Senate Passes Bill to Create a Registry of Violent Offenders
The New York State Senate today approved “Brittany’s Law” to increase the safety and awareness of communities by creating a registry of convicted violent felons. The bill (S1850A), sponsored by Senator Michael Nozzolio (R-C, Fayette), establishes a statewide violent felony offender registry by requiring certain convicted felons to register with the New York State Department of Criminal Justice Services (DCJS) upon release from prison.
“Brittany’s Law represents a major step forward for our state in the fight against violent crime,” Senator Nozzolio said. “By putting new measures in place to track violent offenders and keeping our communities informed of their whereabouts, Brittany’s Law will save lives. As Chairman of the Senate Codes Committee, I will continue my aggressive efforts to enact tougher sentencing laws for violent criminals, reinforce laws to protect women and children from domestic violence, and strengthen the rights of crime victims to prevent future tragedy from occurring.”
“The recidivism rate of violent offenders necessitates the need for a new law that will help keep our communities safe,” said Senator Joseph A. Griffo (R-C-I, Rome), a co-sponsor of the measure. “Our goal is to avert future tragedies for New York families who will never recover from losing a loved one because this registry isn't in place. New Yorkers have the right to know when violent offenders are living in their midst and this initiative will help law enforcement identify criminals who continually commit violent acts.”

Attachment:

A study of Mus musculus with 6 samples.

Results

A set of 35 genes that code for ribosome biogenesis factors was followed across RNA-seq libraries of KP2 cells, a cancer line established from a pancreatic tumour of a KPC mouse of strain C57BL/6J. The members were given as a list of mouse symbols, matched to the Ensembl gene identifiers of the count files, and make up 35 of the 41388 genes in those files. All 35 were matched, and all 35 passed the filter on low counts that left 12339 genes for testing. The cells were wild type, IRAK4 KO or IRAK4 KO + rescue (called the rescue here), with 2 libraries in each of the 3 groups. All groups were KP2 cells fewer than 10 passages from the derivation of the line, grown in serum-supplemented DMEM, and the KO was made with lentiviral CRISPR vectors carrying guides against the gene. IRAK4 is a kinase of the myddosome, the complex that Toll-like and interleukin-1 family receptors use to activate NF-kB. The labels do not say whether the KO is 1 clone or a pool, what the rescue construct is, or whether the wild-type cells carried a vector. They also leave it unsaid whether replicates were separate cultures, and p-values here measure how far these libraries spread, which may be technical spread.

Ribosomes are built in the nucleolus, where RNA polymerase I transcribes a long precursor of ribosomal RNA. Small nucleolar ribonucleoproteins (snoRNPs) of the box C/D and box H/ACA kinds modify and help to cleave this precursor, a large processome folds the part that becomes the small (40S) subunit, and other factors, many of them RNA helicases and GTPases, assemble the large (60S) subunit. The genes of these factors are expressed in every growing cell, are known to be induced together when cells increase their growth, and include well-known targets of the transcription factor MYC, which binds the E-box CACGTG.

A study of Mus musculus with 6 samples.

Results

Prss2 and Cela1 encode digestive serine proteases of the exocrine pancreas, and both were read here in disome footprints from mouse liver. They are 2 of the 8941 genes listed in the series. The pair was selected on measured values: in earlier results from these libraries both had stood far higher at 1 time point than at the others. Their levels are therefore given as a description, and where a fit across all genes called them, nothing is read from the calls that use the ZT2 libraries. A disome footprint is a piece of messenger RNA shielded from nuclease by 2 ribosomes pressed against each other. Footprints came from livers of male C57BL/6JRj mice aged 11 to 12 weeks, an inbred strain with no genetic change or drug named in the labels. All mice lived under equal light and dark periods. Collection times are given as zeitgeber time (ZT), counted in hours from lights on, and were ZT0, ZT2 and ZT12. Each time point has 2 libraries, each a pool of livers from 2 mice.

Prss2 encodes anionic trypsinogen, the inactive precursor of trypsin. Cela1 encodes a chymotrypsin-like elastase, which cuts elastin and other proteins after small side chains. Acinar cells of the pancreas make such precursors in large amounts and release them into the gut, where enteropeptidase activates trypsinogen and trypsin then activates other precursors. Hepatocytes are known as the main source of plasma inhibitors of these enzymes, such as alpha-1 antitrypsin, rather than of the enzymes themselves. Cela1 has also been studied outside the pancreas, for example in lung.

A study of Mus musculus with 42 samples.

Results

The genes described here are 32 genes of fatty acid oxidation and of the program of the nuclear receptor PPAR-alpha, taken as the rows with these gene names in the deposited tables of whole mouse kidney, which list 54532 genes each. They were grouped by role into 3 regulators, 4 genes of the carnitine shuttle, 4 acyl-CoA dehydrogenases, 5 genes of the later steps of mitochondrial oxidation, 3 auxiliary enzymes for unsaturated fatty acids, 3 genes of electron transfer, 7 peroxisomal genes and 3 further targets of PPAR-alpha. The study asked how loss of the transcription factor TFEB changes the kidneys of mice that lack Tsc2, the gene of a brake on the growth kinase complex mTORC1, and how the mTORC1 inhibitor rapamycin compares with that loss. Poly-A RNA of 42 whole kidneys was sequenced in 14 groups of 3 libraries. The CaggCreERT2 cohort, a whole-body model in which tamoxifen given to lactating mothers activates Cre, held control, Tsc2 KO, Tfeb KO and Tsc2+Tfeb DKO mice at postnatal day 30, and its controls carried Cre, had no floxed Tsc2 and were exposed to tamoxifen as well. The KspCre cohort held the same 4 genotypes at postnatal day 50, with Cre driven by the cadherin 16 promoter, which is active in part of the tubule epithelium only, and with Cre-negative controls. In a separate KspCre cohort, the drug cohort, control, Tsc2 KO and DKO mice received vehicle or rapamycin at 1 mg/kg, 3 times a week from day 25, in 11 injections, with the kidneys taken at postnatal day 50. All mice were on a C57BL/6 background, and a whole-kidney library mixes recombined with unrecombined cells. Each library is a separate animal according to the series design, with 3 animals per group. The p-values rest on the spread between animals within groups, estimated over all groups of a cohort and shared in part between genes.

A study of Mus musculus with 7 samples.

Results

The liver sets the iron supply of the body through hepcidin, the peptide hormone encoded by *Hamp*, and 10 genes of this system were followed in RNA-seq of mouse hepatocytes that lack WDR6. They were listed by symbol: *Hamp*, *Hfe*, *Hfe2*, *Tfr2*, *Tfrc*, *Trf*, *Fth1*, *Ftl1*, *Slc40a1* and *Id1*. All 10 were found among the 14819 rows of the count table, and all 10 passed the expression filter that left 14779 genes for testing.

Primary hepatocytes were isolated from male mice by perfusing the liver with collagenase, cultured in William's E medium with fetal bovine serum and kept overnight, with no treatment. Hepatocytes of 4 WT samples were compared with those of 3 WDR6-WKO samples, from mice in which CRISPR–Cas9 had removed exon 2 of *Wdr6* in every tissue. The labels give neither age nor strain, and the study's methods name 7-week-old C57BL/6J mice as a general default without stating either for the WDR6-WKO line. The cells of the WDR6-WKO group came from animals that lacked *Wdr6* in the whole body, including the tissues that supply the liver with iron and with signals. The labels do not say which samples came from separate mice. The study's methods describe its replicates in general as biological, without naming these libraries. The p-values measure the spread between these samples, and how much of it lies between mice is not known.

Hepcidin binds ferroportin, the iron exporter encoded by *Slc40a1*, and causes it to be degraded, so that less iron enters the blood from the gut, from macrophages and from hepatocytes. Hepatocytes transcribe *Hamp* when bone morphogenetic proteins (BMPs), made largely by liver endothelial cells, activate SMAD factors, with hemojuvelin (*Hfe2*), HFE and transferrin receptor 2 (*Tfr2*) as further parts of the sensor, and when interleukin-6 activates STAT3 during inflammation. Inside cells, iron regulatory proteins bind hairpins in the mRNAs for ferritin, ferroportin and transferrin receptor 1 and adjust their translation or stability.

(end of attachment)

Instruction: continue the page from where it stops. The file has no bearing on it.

Brittany’s Law is named for 12-year-old Brittany Passalacqua who was murdered in 2009 along with her mother Helen Buchel in Geneva, Ontario County. The killer, John Edward Brown, was on parole at the time of the murder. He was released from prison after serving 2 ½ years of a three-year sentence for assaulting his infant daughter in 2003.
The bill requires violent felony offenders to register with DCJS upon discharge, parole, or release from any facility, hospital, or institution. Similar to the state’s Sex Offender registry, violent felons would be assigned risk levels. Annual registration requirements and corresponding procedural guidelines would be established to allow local law enforcement agencies and the state to monitor the whereabouts of violent felony offenders. The measure would also allow the dissemination of and access to certain information in the database to the public.
The bill is under consideration by the Assembly.